Tell us about your tour vehicle. Any notable breakdown stories?
We always rent a touring van ~ ideally a splitter, but also happy with a 18 passenger van with the back seat rows removed.
The only breakdown story of any interest happened 100 years ago on the Belly/Radiohead tour when we were on a tour bus. Both bands were heading up a mountain to Gunnison, CO in a snowstorm to play the university there, and the Belly bus broke down halfway up the mountain. Our driver managed to contact the Radiohead driver on his cb and they turned around and came back for us. We left our bus on the side of the mountain and made it to the show just under the wire.
How do you eat cheaply and/or healthy while on tour?
If the club or promoter supplies a rider, we make sure that rider is healthy ~ hummus, veggies, fruit, cheese ~ and we rely on that stuff for dinner and the next day’s road food. If we don’t have the benefit of a rider, we tend to mainly eat from markets rather than restaurants. I drink buckets of water on tour also, and double my usual vitamin and protein intake.
How many strings do you break in a typical year? How much does it cost to replace them?
I’m knocking on wood as I answer this, but I rarely break strings. And I rarely change them, so not sure how I get away with this. I change strings about once a week tops on tour, and I’ve only broken a string a handful of times on stage. So it’s not a big expense for me.
Where do you rehearse?
My own rehearsal space has been the basement of my house for years, and it is remarkably uninteresting. But Belly rehearses in Gail Greenwood’s basement, which she calls the “Rock n’ Roll Control Center”, and it’s way more rock than my home cave. Most of Belly’s last album, Dove, was written and tweaked there. I am always strategically stationed under a large mounted statue of hairy buttocks, which is of course very inspiring.
What was the title and a sample lyric from the first song that you wrote?
It was called “Let’s Go Outside”, and this is the first verse: “I had a dream, I dreamed that I dreamed the answers to all your questions, and then I woke up, no answers, no chance of sleep.” And then I say “Let’s Go Outside” several times.
Describe your first gig.
It was at the Newport Art Association in 1983, I think. Our parents and their friends were there, as well as a smattering of our friends. My dad’s friend Tony Lioce was there, and he was the music critic for the Providence Journal at the time ~ he wrote a review of this small show, and we ended up getting ourselves booked in Prov as a result.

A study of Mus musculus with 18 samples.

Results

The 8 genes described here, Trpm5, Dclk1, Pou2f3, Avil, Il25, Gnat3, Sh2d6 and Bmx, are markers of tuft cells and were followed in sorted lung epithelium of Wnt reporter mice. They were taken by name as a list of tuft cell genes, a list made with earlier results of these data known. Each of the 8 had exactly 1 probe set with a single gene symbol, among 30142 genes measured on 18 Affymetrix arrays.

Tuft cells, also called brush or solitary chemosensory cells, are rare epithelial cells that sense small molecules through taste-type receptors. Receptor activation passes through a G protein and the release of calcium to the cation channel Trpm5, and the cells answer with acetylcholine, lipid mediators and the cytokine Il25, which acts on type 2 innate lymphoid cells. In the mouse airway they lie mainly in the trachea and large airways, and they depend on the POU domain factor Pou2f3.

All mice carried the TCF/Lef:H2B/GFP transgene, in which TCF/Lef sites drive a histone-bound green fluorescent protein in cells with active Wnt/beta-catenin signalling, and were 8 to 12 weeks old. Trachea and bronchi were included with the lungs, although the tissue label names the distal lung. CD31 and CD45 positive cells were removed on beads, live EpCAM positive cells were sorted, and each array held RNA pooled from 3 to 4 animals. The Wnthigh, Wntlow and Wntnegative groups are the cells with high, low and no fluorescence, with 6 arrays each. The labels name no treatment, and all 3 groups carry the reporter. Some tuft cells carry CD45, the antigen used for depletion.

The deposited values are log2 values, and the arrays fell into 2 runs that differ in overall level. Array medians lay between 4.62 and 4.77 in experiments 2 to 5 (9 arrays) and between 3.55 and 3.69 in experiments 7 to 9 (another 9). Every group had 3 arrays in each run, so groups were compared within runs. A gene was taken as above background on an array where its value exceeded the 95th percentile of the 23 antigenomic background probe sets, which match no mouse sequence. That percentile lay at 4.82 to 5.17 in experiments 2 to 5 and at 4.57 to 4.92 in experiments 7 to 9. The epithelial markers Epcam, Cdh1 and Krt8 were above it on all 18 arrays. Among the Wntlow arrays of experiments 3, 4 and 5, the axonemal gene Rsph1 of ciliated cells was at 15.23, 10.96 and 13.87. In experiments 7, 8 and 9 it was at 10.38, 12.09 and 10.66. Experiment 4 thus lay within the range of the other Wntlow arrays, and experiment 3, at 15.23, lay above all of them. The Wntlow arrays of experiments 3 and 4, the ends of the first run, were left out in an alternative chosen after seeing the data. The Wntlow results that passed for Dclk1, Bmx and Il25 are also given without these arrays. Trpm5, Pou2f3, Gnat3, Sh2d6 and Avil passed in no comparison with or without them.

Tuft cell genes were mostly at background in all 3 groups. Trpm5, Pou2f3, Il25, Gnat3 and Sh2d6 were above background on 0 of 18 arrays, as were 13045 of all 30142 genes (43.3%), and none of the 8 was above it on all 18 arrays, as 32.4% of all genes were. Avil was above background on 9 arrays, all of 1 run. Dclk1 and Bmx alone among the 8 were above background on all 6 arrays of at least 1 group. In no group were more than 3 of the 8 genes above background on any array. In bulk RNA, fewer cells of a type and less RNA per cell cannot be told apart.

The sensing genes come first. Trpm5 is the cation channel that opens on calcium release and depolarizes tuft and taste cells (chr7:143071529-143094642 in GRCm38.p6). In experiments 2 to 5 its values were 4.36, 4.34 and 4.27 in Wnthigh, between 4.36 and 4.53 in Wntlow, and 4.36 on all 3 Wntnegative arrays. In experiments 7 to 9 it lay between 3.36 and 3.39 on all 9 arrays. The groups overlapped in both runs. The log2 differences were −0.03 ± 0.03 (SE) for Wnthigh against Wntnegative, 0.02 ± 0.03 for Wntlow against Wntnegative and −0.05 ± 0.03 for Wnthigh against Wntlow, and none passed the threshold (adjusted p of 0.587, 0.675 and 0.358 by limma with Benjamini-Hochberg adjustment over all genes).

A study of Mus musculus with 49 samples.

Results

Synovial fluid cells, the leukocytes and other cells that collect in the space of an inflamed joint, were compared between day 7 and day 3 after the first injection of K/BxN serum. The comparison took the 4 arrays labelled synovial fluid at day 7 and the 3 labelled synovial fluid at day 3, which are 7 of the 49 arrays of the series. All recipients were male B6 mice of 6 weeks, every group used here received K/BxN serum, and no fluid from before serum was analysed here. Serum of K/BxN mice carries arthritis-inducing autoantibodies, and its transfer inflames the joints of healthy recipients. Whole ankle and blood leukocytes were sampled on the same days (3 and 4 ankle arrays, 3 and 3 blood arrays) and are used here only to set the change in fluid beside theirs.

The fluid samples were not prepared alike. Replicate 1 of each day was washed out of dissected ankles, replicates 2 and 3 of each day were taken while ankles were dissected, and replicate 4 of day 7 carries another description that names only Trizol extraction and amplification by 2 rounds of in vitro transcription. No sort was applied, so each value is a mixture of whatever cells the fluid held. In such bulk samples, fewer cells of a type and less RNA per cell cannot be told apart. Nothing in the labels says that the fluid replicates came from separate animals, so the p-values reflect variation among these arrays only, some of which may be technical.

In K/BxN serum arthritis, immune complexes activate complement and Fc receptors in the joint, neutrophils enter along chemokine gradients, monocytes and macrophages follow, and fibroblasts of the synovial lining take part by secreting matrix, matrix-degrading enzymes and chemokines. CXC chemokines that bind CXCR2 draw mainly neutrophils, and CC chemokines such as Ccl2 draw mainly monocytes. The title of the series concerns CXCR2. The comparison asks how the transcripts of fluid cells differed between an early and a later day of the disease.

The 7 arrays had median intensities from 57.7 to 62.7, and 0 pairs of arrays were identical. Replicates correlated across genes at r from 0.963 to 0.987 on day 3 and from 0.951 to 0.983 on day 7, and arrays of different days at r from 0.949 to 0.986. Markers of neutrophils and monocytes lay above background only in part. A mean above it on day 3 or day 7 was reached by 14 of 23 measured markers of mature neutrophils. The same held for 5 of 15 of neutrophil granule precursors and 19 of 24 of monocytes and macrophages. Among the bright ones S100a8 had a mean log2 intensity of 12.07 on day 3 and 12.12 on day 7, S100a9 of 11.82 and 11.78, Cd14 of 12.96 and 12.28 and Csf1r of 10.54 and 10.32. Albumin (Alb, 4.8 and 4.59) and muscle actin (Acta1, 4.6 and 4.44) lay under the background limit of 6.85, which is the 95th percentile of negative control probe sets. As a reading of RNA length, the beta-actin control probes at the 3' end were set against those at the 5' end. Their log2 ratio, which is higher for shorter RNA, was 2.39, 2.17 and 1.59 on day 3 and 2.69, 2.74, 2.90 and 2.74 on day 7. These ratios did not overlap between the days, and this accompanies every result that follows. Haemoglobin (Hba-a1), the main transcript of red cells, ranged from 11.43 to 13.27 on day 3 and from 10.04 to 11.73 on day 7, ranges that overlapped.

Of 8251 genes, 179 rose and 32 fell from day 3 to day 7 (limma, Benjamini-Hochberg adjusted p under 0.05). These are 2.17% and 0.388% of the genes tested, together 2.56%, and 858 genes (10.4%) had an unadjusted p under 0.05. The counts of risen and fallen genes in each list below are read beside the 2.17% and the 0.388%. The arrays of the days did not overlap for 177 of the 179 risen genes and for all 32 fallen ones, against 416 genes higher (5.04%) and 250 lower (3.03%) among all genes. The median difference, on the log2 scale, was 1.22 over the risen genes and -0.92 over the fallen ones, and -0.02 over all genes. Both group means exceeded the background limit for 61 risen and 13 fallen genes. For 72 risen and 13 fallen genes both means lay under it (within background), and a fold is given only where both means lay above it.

What was your last day job? What was your favorite day job?
I have been a part-time post-partum doula for the last several years, and this has been by far my favorite day job to date.
A close follow-up would be a year as print-runner, model-builder, errand-runner and lunch-organizer for the visionary architect Moshe Safdie, a job landed for me by Gary Smith (producer and manager) and shared with David Narcizo (TMuses’ drummer).
How has your music-related income changed over the past 5-10 years? What do you expect it to look like 5-10 years from now?
It really depends on touring. If it’s a busy gig year, the income is pretty good. I still get royalties from across the years, but that fluctuates pretty widely, and isn’t reliable. I have no idea what to expect from the future, which is now frighteningly hypothetical. Hopefully, all will have returned to normal, the clubs I love will have survived and be open for business, and I will be releasing music and touring again.
What one thing do you know now that you had wished you knew when you started your career in music?
I’m going to give more than one, if that’s okay ~ To understand that a dry spell is part of the work and is not a closure. To understand that I know my work better than anyone else. To understand that ethics on every level mean everything.